Tuesday, July 27, 2010
No Roids, No Hitters, No Coincidence
I don't know how people can deny it now. The fact that one of the most dominant years of pitching in baseball comes on the heels of tougher steroid testing is not a coincidence.
In case you are living under a rock or you are just a dork, Matt Garza threw the 5th no hitter of the year last night. Five no hitters, and we haven't even played 2/3 of the season yet. Throw in two(should've been three) perfect games into that equation, and you have one of the greatest years of pitching in baseball history.
For those who think that this has nothing to do with the more stringent steroid testing, let me just throw out a few numbers.
Up until 1998, MLB had gone 37 years without a player hitting 60 home runs or more. In the years between 1998-2001, six players hit 60 home runs or more, with McGwire and Bonds both hitting 70 or more. Over the past two years, during the post syringe era, the AL home run leaders-Miguel Cabrera and Mark Teixeira, each failed to reach 40 home runs. The home run leaders in each league as of today, have not even reached 30 HR mark, and we're almost into August.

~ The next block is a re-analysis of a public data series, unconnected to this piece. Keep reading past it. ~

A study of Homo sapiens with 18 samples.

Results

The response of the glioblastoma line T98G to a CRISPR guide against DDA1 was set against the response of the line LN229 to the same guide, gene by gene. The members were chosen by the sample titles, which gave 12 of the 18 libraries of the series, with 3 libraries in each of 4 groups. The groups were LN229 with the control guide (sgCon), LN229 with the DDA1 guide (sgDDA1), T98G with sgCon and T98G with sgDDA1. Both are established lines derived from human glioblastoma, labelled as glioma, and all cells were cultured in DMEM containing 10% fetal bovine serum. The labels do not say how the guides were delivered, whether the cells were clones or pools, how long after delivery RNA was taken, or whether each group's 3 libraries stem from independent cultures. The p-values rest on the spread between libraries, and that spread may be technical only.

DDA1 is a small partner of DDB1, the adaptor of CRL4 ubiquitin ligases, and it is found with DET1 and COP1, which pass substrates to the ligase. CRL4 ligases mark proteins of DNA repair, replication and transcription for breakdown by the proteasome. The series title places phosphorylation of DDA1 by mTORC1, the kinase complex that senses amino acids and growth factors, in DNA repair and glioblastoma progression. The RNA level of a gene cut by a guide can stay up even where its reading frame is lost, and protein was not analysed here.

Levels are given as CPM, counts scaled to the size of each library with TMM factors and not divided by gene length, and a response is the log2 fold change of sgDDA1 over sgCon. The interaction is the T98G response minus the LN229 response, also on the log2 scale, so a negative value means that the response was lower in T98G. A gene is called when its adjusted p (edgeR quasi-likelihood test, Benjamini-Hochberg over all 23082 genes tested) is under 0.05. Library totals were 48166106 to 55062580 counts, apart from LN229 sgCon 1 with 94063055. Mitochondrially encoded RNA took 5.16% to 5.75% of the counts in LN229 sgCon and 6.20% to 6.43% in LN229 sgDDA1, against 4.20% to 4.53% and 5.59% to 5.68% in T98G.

When guys like Brady Anderson hit 50 home runs in 1996, after putting up home run totals of 13, 12 and 16 in the three previous years, I'd say that there may have been a competitive imbalance favoring the hitter.
The arguments are already starting that the pitchers must be using some sort of PED and that is the reason behind all the no hitters. Maybe, but I would disagree. The last few years you have seen a wave of young pitchers entering baseball who are more polished at a younger age and who are dealing some filthy stuff.
You're seeing guys who can not only can bring it at 95+ mph consistently, but who can also command three or four other pitches, that they can throw for strikes anywhere in the count. Combine this with baseball cleaning up the sport, with the batters no longer being juiced, and the pitching was bound to get better.
Steroids and PEDs took over baseball from the mid 90's until the recent new drug testing was implemented. Baseball was trying to recover from the strike of 1994, so they turned a blind eye to the steroid use. Fans love the long ball and owners love asses in the seats, it's as simple as that.
If you really think that there is no coincidence between the batters now not being juiced, with the resurgence of dominant pitching, I think you're beyond naive.